Being at Home for the School Year

– Vanessa Elizabeth Ayoung-Chee, Content Director

It might seem weird that the choice being written about last, happened before most of the other ones did. I am sorry if those in my situation hadn’t had someone to relate to until now, but it is because I wasn’t sure what to say about it for a while. On one hand I am happy to be at home (Trinidad and Tobago), but when I think of home now, I imagine both Trinidad and Toronto. In Trinidad I have my family, the warm sun all year round, the home I grew up in, the food from mom that I can never get right myself. In Toronto I had the friends I made, new favourite restaurants, the freedom of a short walk to anything I needed. When COVID hit, both options were affected. In Toronto, I could not see my friends or leave my apartment, and in Trinidad were my family, separated for what felt like forever because Trinidad closed its borders. Citizens were repatriated slowly and eventually in October I was allowed to come home, just in time to run away from the cold weather. 

Learning from home felt strange for a while. Aside from learning online vs in person, I was used to speaking a *certain way* that my parents wouldn’t necessarily like, eating at odd hours, drinking coffee (not allowed in my house because mom thinks I will develop heart problems), and probably many more things that don’t come to mind anymore because I have forgotten what it used to be like. And that’s the first thing, I have forgotten what life used to be like. It sounds so scary because this current situation feels dreadfully permanent. I have to keep reminding myself that nothing is permanent and I can’t and shouldn’t try to predict if things will return to “normal”. The second thing is that I recognise that there are students who moved back home due to COVID that have bigger problems than not being allowed to swear or drink coffee. There are students suffering from financial struggle, mental health issues that arose from COVID or got worse because of it, etc. It makes me worry because the most I can do is think about it and acknowledge that it is happening.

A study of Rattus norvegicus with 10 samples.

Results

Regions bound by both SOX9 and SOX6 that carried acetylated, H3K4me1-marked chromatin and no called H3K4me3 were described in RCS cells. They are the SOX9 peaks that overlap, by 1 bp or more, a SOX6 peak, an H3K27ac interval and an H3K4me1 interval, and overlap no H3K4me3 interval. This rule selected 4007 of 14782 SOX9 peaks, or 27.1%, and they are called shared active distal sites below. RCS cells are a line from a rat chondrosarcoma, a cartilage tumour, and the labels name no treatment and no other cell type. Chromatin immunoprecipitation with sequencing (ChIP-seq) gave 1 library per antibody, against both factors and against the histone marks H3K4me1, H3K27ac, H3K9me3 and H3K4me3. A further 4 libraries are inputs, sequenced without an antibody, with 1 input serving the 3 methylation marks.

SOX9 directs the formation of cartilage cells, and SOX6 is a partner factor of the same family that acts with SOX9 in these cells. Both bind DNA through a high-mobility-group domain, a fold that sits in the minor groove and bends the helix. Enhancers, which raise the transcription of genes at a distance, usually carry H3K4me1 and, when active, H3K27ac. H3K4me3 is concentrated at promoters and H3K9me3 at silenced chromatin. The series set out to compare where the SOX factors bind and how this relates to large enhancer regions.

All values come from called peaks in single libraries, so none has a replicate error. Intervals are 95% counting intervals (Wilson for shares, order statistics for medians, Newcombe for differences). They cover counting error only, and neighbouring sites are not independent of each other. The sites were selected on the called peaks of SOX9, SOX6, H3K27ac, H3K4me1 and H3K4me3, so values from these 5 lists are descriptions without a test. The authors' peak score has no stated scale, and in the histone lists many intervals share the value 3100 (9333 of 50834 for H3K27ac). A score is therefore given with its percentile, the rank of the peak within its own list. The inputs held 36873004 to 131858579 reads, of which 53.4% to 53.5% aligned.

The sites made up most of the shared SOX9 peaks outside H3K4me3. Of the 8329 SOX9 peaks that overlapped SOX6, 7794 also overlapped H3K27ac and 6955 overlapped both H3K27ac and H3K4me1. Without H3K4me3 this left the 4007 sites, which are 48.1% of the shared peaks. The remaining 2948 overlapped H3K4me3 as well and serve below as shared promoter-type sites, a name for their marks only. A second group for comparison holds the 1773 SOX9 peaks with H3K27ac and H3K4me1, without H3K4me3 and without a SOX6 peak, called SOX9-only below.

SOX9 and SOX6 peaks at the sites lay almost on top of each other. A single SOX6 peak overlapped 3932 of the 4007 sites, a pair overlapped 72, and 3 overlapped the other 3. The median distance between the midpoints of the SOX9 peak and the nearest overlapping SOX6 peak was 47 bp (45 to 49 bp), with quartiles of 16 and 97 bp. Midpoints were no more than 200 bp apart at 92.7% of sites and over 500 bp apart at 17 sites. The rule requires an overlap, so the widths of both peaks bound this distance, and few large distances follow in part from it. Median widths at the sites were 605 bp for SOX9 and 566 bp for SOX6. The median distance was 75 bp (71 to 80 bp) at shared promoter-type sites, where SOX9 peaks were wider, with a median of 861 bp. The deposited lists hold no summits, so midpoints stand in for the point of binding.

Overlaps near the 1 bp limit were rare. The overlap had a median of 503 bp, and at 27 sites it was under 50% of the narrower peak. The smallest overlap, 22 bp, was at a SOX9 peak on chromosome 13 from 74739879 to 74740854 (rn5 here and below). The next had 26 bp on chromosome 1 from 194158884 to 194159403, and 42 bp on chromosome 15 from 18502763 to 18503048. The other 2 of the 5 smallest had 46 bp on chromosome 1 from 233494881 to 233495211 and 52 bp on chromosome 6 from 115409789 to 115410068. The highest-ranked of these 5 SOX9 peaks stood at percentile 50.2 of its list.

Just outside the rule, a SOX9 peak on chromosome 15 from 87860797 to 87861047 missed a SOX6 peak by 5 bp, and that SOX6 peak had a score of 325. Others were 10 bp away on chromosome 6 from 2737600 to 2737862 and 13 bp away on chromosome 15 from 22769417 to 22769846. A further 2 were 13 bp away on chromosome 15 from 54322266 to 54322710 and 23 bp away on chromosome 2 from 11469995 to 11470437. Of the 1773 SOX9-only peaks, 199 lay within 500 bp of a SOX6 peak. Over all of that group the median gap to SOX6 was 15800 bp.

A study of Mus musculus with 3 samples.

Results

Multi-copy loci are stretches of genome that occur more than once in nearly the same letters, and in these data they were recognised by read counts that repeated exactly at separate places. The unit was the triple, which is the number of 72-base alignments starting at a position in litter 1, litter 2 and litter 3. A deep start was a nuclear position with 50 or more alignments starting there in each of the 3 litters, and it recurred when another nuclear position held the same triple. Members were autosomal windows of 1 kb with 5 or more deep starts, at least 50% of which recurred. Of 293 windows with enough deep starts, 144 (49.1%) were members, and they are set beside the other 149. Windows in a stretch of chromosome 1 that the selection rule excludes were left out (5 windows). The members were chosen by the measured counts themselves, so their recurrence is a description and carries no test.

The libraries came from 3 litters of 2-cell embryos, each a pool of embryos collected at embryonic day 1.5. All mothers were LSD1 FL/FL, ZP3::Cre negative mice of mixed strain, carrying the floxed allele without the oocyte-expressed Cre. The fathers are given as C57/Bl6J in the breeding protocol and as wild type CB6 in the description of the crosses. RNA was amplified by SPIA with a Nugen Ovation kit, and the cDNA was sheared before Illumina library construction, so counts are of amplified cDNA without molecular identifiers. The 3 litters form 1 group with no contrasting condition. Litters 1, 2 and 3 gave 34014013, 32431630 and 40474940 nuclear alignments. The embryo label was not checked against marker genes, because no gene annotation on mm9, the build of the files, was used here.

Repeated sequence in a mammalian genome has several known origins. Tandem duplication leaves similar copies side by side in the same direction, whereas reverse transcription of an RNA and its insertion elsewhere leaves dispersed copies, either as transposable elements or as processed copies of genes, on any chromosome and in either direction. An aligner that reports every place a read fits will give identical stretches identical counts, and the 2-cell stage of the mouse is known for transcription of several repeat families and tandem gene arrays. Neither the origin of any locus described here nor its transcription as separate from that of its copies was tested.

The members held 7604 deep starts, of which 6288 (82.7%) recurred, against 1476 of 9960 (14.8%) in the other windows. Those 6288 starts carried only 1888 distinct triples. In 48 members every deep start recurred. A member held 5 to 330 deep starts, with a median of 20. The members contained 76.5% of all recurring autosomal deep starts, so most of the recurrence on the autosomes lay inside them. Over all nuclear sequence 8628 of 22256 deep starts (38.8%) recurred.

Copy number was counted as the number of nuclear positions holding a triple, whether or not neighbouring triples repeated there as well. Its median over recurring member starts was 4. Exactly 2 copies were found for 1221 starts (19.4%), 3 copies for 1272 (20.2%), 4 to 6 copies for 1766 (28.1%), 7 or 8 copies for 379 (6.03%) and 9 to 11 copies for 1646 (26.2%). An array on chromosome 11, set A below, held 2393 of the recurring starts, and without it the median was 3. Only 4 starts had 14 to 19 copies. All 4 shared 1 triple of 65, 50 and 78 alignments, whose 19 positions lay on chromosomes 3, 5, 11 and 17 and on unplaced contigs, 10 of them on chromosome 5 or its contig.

My advice is this, If you are in a place of privilege during this pandemic, acknowledge it, and remember that it doesn’t invalidate your own problems. To those who may be struggling, I am in no place to give you advice, however, you have a friend in me and many other students. You can also reach out to faculty such as the first year office if you need help and have no idea what resource to go to. They can direct you according to your situation. I can only hope that my sharing helps someone.